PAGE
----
Payday lender regs meaningless

David MoonBlog

By David Moon

The Knoxville City Council recently asked the Metropolitan Planning Commission to draft language restricting the locations of payday lending businesses.  Citing the “predatory nature of some of these institutions,” members of Council argued that payday lenders aren’t healthy for neighborhoods.

The location of these businesses does nothing to create loan demand.

Research from the Pew Charitable Trusts finds that 12 million Americans use payday loans to take out an average of 8 loans annually, each for about $375. On those loans, the borrower pays an average of $520 a year in interest.

Almost 70 percent of first-time loans are to pay for a recurring monthly expense, such as rent or a credit card. Only 16 percent are for unexpected emergencies.

The Pew report analyzes the industry in every way imaginable. In presenting reasons people borrow at such exorbitant rates, the report never even slightly suggests that more convenient loan offices is either a root or tertiary cause of payday loan usage.

Many people simply don’t like those businesses, and they erroneously believe that they can save people from themselves by reducing competition among lenders.

Many of these businesses are ugly. I drive Magnolia or Chapman Highway multiple times a week and see them. But among the true gems on both of those roads are plenty of ugly storefronts—and most of them aren’t payday lenders.

If City Council wants to influence the way these objectionable business-fronts look, it has already set a precedent in using taxpayer money to spruce up the very businesses it now seeks to restrict.  In 2011, Knoxville spent $1 million of Empowerment Zone funds renovating a Lonsdale building housing a liquor store and former check cashing business run by a convicted drug dealer.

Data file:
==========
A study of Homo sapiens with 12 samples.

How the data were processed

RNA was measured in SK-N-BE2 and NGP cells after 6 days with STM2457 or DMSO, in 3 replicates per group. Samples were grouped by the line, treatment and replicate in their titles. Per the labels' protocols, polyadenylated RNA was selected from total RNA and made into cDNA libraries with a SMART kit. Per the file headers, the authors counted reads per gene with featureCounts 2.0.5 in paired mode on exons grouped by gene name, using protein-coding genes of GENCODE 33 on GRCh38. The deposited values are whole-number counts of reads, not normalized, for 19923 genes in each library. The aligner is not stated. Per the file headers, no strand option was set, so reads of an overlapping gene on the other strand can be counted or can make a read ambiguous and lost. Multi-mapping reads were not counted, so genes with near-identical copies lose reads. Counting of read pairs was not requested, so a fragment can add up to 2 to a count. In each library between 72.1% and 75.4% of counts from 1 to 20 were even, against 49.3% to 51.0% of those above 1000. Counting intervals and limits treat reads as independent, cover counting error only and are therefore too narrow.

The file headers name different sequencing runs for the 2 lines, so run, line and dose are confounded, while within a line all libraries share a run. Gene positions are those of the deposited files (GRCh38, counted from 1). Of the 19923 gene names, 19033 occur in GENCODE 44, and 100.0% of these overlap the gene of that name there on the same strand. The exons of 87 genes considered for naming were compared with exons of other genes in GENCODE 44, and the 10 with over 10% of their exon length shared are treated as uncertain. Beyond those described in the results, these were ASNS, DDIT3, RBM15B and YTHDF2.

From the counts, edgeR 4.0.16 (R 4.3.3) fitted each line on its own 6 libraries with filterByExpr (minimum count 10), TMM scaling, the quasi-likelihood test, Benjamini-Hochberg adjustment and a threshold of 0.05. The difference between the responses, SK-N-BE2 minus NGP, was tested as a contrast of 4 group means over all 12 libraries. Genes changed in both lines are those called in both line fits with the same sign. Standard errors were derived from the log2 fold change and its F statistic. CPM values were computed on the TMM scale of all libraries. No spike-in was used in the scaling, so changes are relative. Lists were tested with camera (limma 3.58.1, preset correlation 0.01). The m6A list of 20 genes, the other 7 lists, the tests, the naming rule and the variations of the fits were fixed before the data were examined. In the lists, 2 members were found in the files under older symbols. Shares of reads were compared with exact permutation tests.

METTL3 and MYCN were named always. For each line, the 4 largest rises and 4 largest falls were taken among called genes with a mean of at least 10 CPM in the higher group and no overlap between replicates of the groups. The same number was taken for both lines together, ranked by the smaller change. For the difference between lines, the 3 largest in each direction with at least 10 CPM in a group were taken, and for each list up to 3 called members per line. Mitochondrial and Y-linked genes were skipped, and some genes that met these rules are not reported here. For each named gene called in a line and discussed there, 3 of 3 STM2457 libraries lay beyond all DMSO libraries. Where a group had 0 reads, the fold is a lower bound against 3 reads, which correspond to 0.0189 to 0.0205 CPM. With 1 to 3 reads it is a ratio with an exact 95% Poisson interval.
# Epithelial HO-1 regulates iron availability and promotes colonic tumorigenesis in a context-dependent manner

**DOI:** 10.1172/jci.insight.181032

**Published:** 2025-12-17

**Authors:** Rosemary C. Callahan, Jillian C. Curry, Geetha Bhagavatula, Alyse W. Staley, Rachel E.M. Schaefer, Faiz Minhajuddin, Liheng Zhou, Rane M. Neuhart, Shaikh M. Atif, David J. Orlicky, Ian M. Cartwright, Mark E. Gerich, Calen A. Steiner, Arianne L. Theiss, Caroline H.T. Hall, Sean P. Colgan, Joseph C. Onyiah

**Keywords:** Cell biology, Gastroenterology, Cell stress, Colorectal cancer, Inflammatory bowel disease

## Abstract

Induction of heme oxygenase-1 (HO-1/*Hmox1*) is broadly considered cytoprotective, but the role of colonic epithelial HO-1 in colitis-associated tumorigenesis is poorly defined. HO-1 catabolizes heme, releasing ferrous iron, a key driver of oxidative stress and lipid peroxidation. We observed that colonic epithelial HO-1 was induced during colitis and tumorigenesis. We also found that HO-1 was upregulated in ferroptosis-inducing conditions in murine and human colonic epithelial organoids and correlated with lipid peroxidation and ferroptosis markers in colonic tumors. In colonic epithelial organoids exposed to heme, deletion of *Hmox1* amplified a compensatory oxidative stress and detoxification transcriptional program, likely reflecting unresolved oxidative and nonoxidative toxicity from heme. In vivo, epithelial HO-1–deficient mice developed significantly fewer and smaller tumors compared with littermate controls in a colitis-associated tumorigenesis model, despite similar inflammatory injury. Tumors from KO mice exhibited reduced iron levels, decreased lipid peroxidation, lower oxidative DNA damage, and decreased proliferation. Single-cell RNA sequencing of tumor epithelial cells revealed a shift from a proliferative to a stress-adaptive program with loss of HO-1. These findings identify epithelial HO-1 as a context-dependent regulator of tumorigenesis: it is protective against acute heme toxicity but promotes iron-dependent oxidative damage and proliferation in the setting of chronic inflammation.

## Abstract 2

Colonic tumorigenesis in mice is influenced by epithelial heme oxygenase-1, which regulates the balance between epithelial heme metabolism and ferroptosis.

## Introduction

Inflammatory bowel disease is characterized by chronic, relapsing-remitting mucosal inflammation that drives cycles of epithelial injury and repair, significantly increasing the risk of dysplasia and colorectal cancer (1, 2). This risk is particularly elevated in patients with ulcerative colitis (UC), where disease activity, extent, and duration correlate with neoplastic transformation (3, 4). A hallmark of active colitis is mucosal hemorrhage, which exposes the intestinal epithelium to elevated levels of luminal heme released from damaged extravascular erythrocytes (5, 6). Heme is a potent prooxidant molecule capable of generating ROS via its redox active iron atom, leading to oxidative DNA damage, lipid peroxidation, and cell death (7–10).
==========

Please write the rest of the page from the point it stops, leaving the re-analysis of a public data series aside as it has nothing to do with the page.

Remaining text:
Perhaps a million dollars in taxpayer renovations makes a business less objectionable.

If City Council wanted to reduce the astronomical interest rates charged by these lenders, it should encourage more of them to locate in the city, as close together as possible.

The result, if any, of restricting new payday loan operations could actually provide a modest boost to the profitability of the existing businesses. Reducing competition tends to do that.

It is no surprise that none of the city’s payday lenders have expressed objection to location restrictions. Making it more difficult to freely open new payday loan shops practically solidifies the current market share of the existing lenders in the city. One might almost wonder if local lenders aren’t secretly behind Council’s effort, or if Council is simply the unwitting benefactor of the businesses it claims to abhor.

Closely located grocery stores do not cause obesity, nor do closely located drug stores cause opiate addiction. Granted, every Kroger and CVS look nicer than most alternative financial institutions—except for that really nice looking taxpayer-built one in Lonsdale.

David Moon is president of Moon Capital Management, a Knoxville-based investment management firm. This article originally appeared in the News Sentinel (Knoxville, TN).